March 30, 2015

The Transition to PPS Payment Methodology

The transition to the PPS payment methodology for Medicare has not been as seamless as some would’ve thought. When the details were first published, there were many unanswered questions and some software vendors had not even prepared a response to how these changes would be applied in the systems that they support. Fast forward six months, we are closer to streamlining the process but it is still a work in progress.

Since October 1, the way that we think about Medicare billing in an FQHC setting has changed in many ways. The definition of a new patient has been altered for purposes of PPS. Visits that once met the definition of an encounter, no longer do. In addition, I am finding that managing Medicare receivables has become slightly more challenging as questions continue to arise. We do have more information now than when the first claim was sent out on October 1 and are continually reviewing processes to develop strategies for questions that continue to arise on an almost daily basis.

We’ve discovered that some of the Medicare Advantage plans wish to be billed in the same manner as traditional Medicare. This was true for some with the all-inclusive model and we find this to be the case with PPS as well. Secondary payers present challenge as well. The G codes were developed by Medicare for the purpose of reporting a qualifying FQHC visit. These codes are not recognized by most secondary payers yet these are the codes to which Medicare has applied the payment. CMS is assisting providers to get these codes recognized by secondary payers.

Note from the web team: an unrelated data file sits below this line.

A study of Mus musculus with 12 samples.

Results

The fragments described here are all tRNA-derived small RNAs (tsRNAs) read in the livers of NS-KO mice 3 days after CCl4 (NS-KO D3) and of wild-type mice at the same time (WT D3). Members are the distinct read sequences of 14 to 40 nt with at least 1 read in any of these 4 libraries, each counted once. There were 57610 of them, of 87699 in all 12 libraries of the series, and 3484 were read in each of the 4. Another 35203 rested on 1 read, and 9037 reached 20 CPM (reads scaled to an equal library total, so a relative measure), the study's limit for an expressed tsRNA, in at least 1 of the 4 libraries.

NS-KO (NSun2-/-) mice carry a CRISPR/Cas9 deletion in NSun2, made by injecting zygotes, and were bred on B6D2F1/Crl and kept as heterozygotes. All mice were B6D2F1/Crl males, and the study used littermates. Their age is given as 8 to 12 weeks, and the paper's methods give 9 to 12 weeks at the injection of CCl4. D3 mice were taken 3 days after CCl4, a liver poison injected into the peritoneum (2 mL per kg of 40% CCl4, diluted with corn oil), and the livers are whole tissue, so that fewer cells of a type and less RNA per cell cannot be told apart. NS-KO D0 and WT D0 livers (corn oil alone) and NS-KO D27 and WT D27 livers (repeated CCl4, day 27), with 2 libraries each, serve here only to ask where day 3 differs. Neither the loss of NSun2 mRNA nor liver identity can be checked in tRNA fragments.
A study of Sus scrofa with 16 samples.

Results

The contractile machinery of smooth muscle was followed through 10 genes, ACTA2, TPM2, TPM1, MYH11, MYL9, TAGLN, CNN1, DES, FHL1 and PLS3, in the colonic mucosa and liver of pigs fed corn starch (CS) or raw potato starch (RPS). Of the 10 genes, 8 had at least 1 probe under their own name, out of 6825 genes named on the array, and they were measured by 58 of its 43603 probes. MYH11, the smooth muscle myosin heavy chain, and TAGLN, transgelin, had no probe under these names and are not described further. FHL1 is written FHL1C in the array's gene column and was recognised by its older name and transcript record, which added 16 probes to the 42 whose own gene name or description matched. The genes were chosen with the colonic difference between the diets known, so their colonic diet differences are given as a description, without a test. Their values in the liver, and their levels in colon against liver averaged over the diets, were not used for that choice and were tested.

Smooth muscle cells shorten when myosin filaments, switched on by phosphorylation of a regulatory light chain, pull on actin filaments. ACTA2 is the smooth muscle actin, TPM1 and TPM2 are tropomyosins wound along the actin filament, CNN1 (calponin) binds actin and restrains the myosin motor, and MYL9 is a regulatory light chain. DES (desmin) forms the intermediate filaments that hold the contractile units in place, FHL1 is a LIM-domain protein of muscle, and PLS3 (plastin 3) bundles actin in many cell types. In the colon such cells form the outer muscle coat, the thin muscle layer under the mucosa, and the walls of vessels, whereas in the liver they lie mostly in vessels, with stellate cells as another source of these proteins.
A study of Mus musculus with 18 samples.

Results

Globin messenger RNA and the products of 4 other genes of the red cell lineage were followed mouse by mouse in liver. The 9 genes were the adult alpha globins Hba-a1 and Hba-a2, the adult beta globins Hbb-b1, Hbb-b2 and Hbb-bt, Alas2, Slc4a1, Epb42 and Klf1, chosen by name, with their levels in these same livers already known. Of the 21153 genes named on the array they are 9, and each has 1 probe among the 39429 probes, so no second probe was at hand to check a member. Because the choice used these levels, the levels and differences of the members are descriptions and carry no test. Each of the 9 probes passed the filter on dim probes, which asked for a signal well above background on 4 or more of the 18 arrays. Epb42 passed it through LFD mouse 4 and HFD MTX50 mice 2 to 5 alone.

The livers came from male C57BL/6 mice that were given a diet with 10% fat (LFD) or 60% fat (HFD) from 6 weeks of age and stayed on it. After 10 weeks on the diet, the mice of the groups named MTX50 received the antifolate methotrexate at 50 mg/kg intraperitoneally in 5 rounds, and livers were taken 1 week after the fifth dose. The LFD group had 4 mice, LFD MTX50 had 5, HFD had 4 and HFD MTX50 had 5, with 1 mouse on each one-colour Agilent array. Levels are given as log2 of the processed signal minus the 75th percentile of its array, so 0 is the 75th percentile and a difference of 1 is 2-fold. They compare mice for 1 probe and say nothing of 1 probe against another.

Medicare Secondary Payer

While folks have had struggles with billing MSP claims in the past in the all-inclusive model, this is further complicated with the transition to PPS. Medicare is expecting the G code on the MSP claim and in many cases; the question is how to get them on there. Some PM systems can be configured to automatically add the details but it doesn’t resolve the issue with missing COB information necessary to balance the claim. What about those systems that cannot automatically add the information? There have been suggestions that the G codes be submitted on any claim where Medicare might be billed, whether primary or secondary. What does this do to the existing workflow? How do you identify when the codes should or shouldn’t be added? How does this impact reporting?

There have been significant changes in existing workflow as it relates to Medicare receivables. Additional intervention is required on multiple levels. Decisions must be made as to how visits that no longer meet the ‘qualifying visit’ definition are handled. What action is required to manage the AR for those visits? The G codes are added, with an associated fee, to the Medicare claim. Should those claims deny for eligibility, those codes/fees must be removed prior to billing the claim to the patient as they are not responsible for those charges. Medicare claims require more ‘touches’ with PPS than ever before. Fortunately, with Medicare, there are some guarantees regardless of the payment methodology in use – denials in three days and payment in ten. One way or another, an answer will be provided.